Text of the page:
Trials & Litigation

Citing allegations of 'unimaginable suffering' by child sex-abuse survivors, judge allows class action against Pornhub


Updated: A federal judge in California has certified a class action lawsuit alleging that online pornography companies were willfully blind to child sexual-abuse material that appeared on their websites.

U.S. District Judge Cormac Carney of the Central District of California certified a class of plaintiffs who were younger than age 18 when they appeared in a video or image uploaded to websites operated by Mindgeek USA Inc. and its affiliates, including the video-sharing platform Pornhub.

Pornhub is a “tube site,” meaning that much of its content comes from users who can share the revenue from their uploaded videos. The suit alleges that Mindgeek contributed to child sex-abuse by making the content easier to find, partly with playlist titles that included “less than 18” and by suggesting search terms such as “middle school girls.”

The lead Jane Doe plaintiff alleges that the websites’ policies failed to curb child sex-abuse material, partly due to a quest for profits. The suit alleges violation of federal and California sex-trafficking laws and a federal law banning the distribution of child pornography in interstate commerce.

Doe’s ex-boyfriend uploaded sex videos showing her at age 16. She is seeking statutory damages under Section 2255 of Title 18 of the U.S. Code, which allows child-pornography victims to sue for actual damages or for $150,000 in liquidated damages. Punitive damages are also available.

The Doe plaintiff is represented by Susman Godfrey. In a press release, the law firm said the case is the first to certify a class for the receipt and distribution of child pornography under Section 2255.

Common questions to be resolved in the class action include whether the defendants benefited from child sex-abuse material on their websites, whether their policies allowed or even encouraged the posting of such material, and whether they knew what was happening, Carney said in his Nov. 17 opinion.

Carney said a class action is a superior way to litigate claims regarding the defendants’ practices and polices related to child sex-abuse material.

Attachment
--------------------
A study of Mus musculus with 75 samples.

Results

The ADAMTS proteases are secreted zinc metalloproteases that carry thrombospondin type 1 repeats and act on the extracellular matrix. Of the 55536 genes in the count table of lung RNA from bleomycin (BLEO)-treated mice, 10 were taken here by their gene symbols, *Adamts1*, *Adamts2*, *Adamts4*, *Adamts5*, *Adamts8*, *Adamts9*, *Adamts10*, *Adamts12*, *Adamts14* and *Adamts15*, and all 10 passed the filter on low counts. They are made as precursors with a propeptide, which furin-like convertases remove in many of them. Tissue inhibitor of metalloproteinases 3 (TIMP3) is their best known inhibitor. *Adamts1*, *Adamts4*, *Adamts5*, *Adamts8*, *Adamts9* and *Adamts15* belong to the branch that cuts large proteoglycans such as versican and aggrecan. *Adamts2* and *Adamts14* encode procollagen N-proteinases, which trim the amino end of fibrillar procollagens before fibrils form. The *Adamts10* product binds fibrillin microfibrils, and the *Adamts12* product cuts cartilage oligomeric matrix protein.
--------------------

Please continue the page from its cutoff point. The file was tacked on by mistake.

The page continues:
“Coming forward as a survivor of child pornography and trafficking is an extremely difficult task,” Carney wrote. “Here, individual survivors face one of the world’s largest pornography companies, in an aggressive litigation posture, who have retained law firms with considerable reputations. … Few, if any, individual survivors could muster comparable resources, nor is there any guarantee they could find counsel willing to work pro bono or on a contingency basis.”

The defendants argued that individual plaintiffs had an adequate incentive to pursue claims on their own because the statutes at issue allow substantial damages.

“This assertion is troubling,” Carney said. “The concern in this case has never been that individual damages are too small to warrant any single plaintiff’s efforts. The concern is that any individual’s efforts to litigate this case involve reliving considerable trauma. To say that a given sum of money is an ‘adequate incentive’ for survivors to relive the unconscionable acts they experienced as children and continue to live with is willfully blind to the unimaginable suffering defendants allegedly inflicted.”

Besides damages, the class action seeks an injunction that would require Mindgeek to obtain government-issued identification confirming that all performers are older than age 18.

The case is Jane Doe v. Mindgeek USA Inc.

Law360 had coverage of the decision.

Susman Godfrey partner Krysta Kauble Pachman commented in a press release.

“It’s taken tremendous courage and strength for Jane Doe to bring this case, and we are very proud to represent her and the certified class,” she said.

The defendants are represented by Dechert and Quinn Emanuel Urquhart & Sullivan, according to Law360.

Lawyers from Dechert forwarded a statement from Aylo, which was formerly known as Mindgeek.

“Out of respect for the integrity of court proceedings, our policy is not to comment on ongoing litigation. We look forward to the facts being fully and fairly aired in that forum,” the statement said.

Aylo also sent a link to a statement about resolution of a 30-month investigation of entities and affiliates of Aylo Holdings. The investigation by the U.S. attorney for the Eastern District of New York “did not find that Aylo or its affiliates violated any federal criminal laws prohibiting sex trafficking or the sexual exploitation of minors, including child pornography,” the statement said.

The company did, however, enter into a deferred prosecution agreement regarding allegations that Aylo engaged in an unlawful monetary transaction with the production company GirlsDoPorn/GirlsDoToys. Aylo “now understands” that consent forms provided by those companies were obtained by fraud, the statement said.

The statement also said Aylo has “implemented a state-of-the-art compliance program” that includes a review of uploaded content before it is published.

Updated Nov. 22 at 11:30 a.m. to include statements by Aylo, which was formerly known as Mindgeek.